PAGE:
Found a note I made just about 20 years ago, in which I copied the definition of “the proper task of the (social) critic,” as defined by J. Peter Euben, a university professor writing for the New York Times, in his review of “The Company of Critics,” by Michael Walzer:
exposing false appearances of his own society and pointing at the systematic abuse of power; giving expression to his people’s deepest sense of how they ought to live, using the common language which he raises to a new pitch of intensity and argumentative power; reiterating the regulative principles by which one might set things right; and insisting that there are other forms of falseness and other, equally legitimate, hopes and aspirations. Such a critic is bound but never wholly bound to the life he shares with others. He is never uncritical of those in power or of his allies whose similar complaints he often regards as wrongly directed or incompletely stated. He is at once inside and outside, a member apart, a critical patriot, civilly disobedient, committed to a democratic politics that is never democratic enough.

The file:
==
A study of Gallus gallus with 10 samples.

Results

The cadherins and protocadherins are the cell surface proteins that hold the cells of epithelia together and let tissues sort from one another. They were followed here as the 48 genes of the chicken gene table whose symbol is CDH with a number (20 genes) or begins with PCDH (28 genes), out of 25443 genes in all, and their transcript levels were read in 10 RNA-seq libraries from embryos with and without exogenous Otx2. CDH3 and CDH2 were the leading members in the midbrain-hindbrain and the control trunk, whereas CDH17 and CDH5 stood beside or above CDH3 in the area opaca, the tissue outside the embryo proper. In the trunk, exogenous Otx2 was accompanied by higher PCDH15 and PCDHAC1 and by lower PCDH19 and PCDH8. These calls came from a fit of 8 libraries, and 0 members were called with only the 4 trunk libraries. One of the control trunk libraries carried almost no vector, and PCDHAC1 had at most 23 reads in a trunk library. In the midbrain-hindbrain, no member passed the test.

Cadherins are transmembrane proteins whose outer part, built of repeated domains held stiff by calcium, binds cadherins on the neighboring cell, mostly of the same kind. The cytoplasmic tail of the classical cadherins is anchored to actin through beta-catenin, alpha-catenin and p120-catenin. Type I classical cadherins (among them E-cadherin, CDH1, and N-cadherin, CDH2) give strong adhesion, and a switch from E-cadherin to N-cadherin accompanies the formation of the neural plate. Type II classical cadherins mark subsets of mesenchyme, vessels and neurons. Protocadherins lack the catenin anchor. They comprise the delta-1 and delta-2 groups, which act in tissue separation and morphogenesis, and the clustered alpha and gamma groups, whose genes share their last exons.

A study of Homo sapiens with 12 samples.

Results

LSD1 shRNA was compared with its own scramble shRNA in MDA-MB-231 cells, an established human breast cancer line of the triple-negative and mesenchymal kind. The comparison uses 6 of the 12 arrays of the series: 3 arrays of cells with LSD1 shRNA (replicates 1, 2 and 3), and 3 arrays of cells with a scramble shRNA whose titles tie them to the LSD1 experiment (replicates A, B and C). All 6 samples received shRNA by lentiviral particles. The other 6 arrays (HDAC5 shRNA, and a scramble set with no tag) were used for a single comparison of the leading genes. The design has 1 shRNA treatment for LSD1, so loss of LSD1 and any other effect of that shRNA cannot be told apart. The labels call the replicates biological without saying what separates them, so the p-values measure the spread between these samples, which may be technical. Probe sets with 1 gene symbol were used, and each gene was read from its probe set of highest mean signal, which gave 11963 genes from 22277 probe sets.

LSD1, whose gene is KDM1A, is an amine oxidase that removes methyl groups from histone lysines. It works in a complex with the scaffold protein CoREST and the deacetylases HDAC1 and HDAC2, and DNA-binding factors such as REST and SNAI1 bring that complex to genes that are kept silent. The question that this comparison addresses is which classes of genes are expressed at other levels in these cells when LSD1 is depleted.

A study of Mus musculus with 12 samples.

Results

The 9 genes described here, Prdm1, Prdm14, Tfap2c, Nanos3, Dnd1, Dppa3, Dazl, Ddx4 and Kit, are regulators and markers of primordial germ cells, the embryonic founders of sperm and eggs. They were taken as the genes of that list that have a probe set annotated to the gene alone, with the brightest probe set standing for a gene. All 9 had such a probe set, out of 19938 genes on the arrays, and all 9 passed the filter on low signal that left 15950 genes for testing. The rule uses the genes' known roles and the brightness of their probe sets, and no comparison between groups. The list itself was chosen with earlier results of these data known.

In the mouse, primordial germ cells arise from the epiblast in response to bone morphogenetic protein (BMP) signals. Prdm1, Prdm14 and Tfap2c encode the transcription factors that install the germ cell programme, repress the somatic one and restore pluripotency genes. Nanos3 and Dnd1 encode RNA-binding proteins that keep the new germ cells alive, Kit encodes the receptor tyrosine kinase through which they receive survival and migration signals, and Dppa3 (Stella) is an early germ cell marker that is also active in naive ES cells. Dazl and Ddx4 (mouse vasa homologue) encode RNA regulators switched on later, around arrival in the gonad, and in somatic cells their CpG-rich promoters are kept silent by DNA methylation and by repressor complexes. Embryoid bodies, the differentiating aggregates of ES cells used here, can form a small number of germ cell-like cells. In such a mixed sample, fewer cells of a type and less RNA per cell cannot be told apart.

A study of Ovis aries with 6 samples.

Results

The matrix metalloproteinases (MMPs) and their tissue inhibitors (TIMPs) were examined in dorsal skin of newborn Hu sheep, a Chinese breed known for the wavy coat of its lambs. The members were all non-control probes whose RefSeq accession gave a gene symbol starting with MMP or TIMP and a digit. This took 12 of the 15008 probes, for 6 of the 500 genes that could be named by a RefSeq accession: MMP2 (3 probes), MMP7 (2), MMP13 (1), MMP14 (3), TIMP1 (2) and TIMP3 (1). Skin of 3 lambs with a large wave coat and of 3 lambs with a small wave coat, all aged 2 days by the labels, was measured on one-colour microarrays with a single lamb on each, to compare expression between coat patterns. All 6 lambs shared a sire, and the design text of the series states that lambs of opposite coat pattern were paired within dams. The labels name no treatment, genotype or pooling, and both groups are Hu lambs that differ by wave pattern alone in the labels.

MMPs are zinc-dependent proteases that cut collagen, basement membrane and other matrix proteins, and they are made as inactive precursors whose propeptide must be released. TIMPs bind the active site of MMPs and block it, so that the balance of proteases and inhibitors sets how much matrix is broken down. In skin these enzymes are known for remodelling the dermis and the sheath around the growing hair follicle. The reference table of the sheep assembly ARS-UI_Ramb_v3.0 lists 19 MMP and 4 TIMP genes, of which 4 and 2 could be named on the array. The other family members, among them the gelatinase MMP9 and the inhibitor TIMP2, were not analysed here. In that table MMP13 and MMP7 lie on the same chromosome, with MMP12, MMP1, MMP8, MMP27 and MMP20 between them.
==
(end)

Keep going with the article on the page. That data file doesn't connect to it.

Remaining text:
Something about this nuanced formulation (a response to Walzer’s idea of “connected criticism”) struck me in the gut when I first read it, years before I became a full-time journalist. Indeed, the phrase “at once inside and outside” stuck in my head, as a noble ideal of writing and a neat summing-up of the writer’s ideal life. I still think the same way today.
Of course, when I first read it, I had no idea that in 20 years’ time I would be able to find the original review online and, if only I owned a Kindle, buy the book off Amazon — “in under a minute”!